A business plan is the backbone of a new business.
Put It on Paper
A lot of first-time entrepreneurs struggle with creating a business plan. For many, just getting started is the hardest thing they have ever done. However, the easiest way to get started on your business plan is to simply begin putting your ideas on paper.
The first step is to lay out an outline of the various sections the business plan requires. Then, little by little, begin filling in the sections with ideas, projections, and competitive data. If you get stuck on something, move on to the next section and come back to it later. You'll go through multiple drafts of the document before you are done, but a first draft - no matter how rough it appears - is always the launching point.
Strategy before Execution
It's tempting to begin a business plan by focusing on what your business will do and how you will do it. but if you think about it, that's kind of like putting the cart before the horse. There will be plenty of time to talk about execution later in the document.
Instead, the first part of your business plan needs to focus on your business strategy. It should include information about the competitive environment, market analysis, and other issues that demonstrate how your company will carve out a viable niche in the marketplace. Once you've clearly laid out your business strategy, then you can begin to discussing what the execution of that strategy will look like.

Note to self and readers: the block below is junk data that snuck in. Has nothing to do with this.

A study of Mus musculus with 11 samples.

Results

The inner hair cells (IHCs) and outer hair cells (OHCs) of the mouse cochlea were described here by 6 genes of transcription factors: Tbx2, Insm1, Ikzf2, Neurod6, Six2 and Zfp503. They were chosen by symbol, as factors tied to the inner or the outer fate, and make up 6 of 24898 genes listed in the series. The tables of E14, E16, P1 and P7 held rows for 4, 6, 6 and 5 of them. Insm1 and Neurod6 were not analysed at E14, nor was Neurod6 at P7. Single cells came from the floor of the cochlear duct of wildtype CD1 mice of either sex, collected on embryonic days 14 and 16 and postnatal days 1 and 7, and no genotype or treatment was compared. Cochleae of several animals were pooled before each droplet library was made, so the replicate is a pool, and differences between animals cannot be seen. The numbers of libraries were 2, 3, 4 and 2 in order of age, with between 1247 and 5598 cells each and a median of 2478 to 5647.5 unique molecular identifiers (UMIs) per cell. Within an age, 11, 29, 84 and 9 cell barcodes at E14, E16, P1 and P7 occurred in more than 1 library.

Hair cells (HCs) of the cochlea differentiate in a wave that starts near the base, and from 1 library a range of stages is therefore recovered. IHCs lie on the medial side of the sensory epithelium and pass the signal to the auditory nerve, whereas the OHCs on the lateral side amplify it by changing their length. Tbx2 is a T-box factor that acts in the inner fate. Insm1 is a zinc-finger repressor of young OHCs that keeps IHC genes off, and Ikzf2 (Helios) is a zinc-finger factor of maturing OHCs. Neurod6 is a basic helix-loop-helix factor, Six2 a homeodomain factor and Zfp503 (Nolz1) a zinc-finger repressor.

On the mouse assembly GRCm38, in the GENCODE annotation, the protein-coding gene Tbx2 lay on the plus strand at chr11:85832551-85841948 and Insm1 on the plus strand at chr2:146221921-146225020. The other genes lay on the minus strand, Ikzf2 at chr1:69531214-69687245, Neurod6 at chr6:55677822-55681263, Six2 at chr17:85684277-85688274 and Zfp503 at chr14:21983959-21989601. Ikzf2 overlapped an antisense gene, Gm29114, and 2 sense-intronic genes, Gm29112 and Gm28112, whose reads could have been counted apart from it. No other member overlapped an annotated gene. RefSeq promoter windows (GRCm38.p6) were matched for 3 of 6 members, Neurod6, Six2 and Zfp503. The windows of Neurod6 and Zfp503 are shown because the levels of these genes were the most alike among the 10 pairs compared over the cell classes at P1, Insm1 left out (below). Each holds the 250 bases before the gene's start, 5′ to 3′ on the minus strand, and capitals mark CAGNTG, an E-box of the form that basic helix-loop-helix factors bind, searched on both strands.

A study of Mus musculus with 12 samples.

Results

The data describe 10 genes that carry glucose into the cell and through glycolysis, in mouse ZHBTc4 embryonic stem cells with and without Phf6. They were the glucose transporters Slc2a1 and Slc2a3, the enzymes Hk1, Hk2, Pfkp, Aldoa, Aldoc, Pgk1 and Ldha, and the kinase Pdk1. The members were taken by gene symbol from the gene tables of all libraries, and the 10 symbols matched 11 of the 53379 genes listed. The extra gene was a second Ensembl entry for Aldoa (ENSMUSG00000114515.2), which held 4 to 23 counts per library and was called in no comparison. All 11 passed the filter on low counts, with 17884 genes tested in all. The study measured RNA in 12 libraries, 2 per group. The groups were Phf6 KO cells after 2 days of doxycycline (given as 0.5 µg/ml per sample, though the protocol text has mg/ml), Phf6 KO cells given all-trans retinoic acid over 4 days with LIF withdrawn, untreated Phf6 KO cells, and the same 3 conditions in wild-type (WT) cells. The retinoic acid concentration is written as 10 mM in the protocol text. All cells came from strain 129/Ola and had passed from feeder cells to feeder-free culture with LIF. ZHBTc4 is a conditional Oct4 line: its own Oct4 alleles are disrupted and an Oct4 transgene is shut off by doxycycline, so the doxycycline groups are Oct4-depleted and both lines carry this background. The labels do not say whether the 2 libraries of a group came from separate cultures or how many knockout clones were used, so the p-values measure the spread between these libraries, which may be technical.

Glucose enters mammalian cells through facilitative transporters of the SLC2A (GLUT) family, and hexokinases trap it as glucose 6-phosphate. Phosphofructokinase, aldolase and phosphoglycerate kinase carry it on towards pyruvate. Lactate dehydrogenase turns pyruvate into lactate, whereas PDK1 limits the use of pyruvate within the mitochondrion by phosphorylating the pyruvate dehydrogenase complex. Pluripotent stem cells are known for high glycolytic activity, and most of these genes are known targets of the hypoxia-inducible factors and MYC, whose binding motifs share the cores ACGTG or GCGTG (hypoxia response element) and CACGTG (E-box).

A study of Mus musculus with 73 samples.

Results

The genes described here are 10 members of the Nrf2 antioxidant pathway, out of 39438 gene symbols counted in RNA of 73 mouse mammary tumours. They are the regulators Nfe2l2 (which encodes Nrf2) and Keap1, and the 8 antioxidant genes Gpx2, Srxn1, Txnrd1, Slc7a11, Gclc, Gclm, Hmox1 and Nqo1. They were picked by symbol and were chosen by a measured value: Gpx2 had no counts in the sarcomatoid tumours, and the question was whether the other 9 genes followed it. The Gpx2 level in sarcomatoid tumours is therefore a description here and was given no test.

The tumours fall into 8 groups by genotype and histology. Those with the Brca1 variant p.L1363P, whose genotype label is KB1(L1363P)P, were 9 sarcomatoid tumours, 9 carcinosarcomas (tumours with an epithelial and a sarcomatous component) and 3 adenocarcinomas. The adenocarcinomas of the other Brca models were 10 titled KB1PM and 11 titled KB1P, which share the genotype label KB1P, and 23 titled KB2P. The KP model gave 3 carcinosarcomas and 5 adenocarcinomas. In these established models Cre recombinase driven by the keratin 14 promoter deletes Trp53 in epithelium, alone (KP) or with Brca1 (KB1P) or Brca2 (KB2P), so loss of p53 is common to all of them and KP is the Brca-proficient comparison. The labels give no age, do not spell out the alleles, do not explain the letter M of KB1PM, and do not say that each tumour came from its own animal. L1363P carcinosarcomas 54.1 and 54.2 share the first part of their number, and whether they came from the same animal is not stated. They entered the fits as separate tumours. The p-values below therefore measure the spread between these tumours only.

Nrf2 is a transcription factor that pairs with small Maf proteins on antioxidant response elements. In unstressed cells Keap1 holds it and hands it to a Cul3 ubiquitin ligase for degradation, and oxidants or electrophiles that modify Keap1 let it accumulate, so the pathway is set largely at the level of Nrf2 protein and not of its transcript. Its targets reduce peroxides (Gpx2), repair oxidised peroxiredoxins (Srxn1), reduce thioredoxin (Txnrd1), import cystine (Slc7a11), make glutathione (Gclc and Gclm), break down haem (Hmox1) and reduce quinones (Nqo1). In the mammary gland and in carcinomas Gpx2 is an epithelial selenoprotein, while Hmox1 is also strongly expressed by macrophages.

Write for an Audience
First-time business plan writers often overlook the fact that business plans are not designed for consumption by a general readership. The whole purpose of a business plan is that it will eventually be read by a very select group of people - investors, financers, business partners, and others who may choose to buy into the company's future.
These are the people you need to keep in mind as you carefully commit your thoughts to paper. Sure, your mother might read your business plan, too. But unless she is a potential investor, she's not the audience you are trying to reach.
A business plan is a tool for selling your business to other people. If you were selling a car, it would be a mistake to point all of the vehicle's flaws and defects to potential buyers.
But a business isn't a car and it is assumed that your business plan will identify threats, weaknesses, and shortcomings in an honest and straightforward manner.
In fact, failure to disclosure certain key weaknesses could leave you legally vulnerable if things go badly. Maintain a hopeful tone, but avoid making wild claims and leaving out important information an investor needs to make an informed decision.